A 69-year-old monk named Wilatha has created a refuge for snakes at Seikta Thukha TetOo monastery in the bustling commercial city of Yangon, taking in various species from pythons to vipers and cobras.
Since its launch five years ago, residents and government agencies, including the fire department, have been bringing captured snakes to the monk.
Snakes were frequently caught in houses or after they strayed too close to human settlements. The snakes will most likely be sold to traders in the black market who will then export them overseas, said Wilatha, who describes his reptilian charges as his “sons and daughters”
The monk said residents in mainly-Buddhist Myanmar hope to gain ‘merit’ by giving captured snakes to a monk rather than killing or selling them.
“If you kill a snake, you will suffer bad luck to your family, have a broken family, cause deadly disease and destroy business. That’s why I request my followers not to kill the snakes and hand over to me. I will shelter them temporarily on my hand to release these snakes to the wild forest later,” said Wilatha.
As he used his saffron robe to gently rub and clean the snake, the monk said he hopes his conservation efforts will help to balance the natural ecological cycle.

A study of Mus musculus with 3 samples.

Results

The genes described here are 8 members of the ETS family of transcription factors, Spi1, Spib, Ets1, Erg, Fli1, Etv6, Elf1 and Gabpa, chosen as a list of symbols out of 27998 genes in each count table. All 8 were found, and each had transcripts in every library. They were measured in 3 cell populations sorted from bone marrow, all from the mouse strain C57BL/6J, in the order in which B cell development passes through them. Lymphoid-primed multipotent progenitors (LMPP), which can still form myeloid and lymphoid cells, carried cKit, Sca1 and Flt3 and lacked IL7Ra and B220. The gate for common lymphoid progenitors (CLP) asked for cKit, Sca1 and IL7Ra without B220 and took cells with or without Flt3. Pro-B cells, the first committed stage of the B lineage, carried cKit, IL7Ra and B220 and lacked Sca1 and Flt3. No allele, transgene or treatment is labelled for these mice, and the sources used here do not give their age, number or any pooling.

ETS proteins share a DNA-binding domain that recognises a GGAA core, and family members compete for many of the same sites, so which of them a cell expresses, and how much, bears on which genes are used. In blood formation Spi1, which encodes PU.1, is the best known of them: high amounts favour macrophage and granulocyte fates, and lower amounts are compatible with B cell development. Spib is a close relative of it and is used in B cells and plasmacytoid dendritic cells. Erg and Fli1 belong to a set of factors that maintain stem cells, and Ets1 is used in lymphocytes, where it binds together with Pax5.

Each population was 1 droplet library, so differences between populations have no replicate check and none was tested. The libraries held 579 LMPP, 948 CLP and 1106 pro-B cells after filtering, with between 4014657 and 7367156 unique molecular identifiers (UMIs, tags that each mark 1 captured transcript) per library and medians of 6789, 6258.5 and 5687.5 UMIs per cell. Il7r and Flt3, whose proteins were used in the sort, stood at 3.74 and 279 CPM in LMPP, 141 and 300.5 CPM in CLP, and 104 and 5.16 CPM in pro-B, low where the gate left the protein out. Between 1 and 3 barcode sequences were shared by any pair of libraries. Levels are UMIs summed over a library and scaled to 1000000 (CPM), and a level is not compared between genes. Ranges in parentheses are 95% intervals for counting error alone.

“I believe that losing even one animal species will cause problems to nature. Even though we don’t know specifically about their benefit to nature, the species are helping our environment,” Wilatha said.
Despite being considered an invasive species in some parts of the world, the Burmese python has been listed as “vulnerable” in its native Southeast Asia by the International Union for Conservation of Nature.
The Southeast Asian country has become a global hub in the illegal wildlife trade with snakes often smuggled to neighbouring countries like China and Thailand, according to conservationists.
“They are safe, well fed and taken care of at this shelter but to actually save them is to let them go into the wild forest as soon as possible,” said Kalyar Platt, a Herpetologist with the Wildlife Conservation Society.
The snakes are kept at the monastery until the forest authority sets a date to release them into protected sanctuaries. In the meantime, the snakes, which are used to hunting live prey, have to be manually fed fish or other meat, two or three times a month by Wilatha, who relies on donations of roughly $300 a month for all the snakes.
During a recent release at the Hlawga national park, he said he was happy to see the reptiles slither into freedom but remained worried in case they were caught again.
“They would be sold to the black market if they are caught by bad people.”